NONFICTION PROPOSAL GUIDELINES
A nonfiction book proposal is a structured, methodically presented outline of your book project. It is a business plan for your book. Virtually all nonfiction books are sold on proposal. The book proposal, for all intents, is a separate item from the book (completed or not). Nonfiction book proposals usually range between 10 to 20 pages, not including sample material.
Because publishing is a business, your proposal must convince publishers that your book is needed, wanted, and can sell. A strong proposal must outline what the book is about, state why anyone would be interested in reading it, identify who has written other books like your book, and show how your book is similar to, yet distinct from, competing titles. Finally, the proposal must demonstrate to the publisher that you have the qualifications and/or background required to write the book.
It is not enough to have a good idea to write about in your proposal. To be effective as the selling tool that technically is, the proposal has to be written to industry standards and contain the required information. The more time you take with your proposal, the more likely it is that it will be thorough and compelling. For excellent guidance on how to write nonfiction book proposals, see Getting It Published by William Germano and How To Write a Book Proposal by Michael Larsen.
ELEMENTS OF A NONFICTION BOOK PROPOSAL
Section 1: About the Book
Minimum 4 pages, maximum 10 pages
Provide a working title (and subtitle, if applicable) for your book.
State that your book is a work of literary nonfiction.
How would your book be classified relative to its subject matter? For example: memoir, travel writing, literary journalism, etc?
Briefly summarize the premise, main arguments, and conclusions of your book in one or two paragraphs. The overview should be strong and exude confidence, making the case for the book’s originality, uniqueness, and relevance.
Provide a detailed description of the project in one to two pages. It may be helpful to develop the narrative around the following questions: What is the book about? What are its unique angles? What does it offer the reader? In what way is it distinctive?
Outline/Table of Contents:
List working chapter headings with a sentence or two summarizing each chapter or section.
Will your book contain figures, graphs, tables or other illustrative material? If so, describe them and say how many.
Anticipated Manuscript Length:
What is the anticipated word count for the final manuscript? Bear in mind that an average nonfiction book contains between 60,000 and 100,000 words.
Describe the progress on the manuscript so far.
Anticipated Manuscript Completion Date:
What is the projected completion date for the manuscript? The average publishing contract gives you 12 months to deliver the manuscript.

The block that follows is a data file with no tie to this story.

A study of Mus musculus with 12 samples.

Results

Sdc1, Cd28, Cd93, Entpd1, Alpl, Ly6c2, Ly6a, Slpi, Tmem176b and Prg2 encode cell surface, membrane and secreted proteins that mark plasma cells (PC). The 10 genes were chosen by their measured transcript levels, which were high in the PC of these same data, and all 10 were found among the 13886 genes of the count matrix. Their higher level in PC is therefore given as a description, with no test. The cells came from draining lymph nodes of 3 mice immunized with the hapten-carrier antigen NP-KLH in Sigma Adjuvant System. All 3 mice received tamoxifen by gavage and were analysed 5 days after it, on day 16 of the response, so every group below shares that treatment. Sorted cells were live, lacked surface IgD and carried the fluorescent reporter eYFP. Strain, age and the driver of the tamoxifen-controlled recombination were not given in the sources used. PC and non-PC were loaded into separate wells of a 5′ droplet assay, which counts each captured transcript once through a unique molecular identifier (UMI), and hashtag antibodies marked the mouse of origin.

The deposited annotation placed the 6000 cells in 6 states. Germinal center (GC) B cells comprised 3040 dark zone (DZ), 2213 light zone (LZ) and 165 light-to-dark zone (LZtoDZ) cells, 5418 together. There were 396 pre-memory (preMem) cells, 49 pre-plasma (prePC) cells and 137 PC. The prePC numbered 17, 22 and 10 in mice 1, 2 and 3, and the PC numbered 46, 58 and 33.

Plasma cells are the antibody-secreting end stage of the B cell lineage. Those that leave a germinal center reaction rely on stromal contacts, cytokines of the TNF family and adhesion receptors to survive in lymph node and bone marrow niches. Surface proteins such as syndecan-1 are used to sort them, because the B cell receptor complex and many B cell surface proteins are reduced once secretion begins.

Section 2: About the Market
Minimum 2 pages, maximum 4 pages
Why is your book important? What will it offer readers? Why will it sell?
Describe the primary audience for your book (who will buy the book). Is there a secondary or crossover audience for the book? Does your work have international sales potential by virtue of the subject matter? Please provide detailed information.
List books published in the past 5 years (with author name and publisher, if known) that are similar to yours. What makes your book different or better than these titles? If significant work has been done on the topic, you should explain why you have chosen to write another book in this area. This is the place to show why your book is different and needed.
Section 3: About the Author
Minimum 1 page, maximum 5 pages
Name, phone number, and email address.
Website, blog, and social media presence.
Frame yourself and your background in an interesting way. Who are you and what are your qualifications for writing this book? How has your background contributed to making you an expert on your subject? Please provide a concise biography, including current occupation and title, general background, experience in your field, awards, and credentials relevant to your book. Be sure to emphasize why you are best placed to write the book. Feel free to include any other information that would be pertinent to the readers of your book.
List any previous books you’ve written, including title, publisher, year of publication, and sales history if available. List any other published material that is pertinent to the book.
Section 4: Author Platform and Publicity/Promotional Considerations
Minimum 1 page, maximum 5 pages
Opportunities for Publicity and Promotion of the Book:
Define your author platform or other connections that will enable you to reach a wide audience. If you haven’t started building your author platform, what are your plans for building one? If you have a promotional plan for your book, provide details. If not, indicate if there is something about your position or background that will help create awareness about your book. For example, are there notable names in your field who would be willing to endorse you by way of a blurb? Have you got any connections in the media? Do you give lectures, appear on TV or have a large social media following?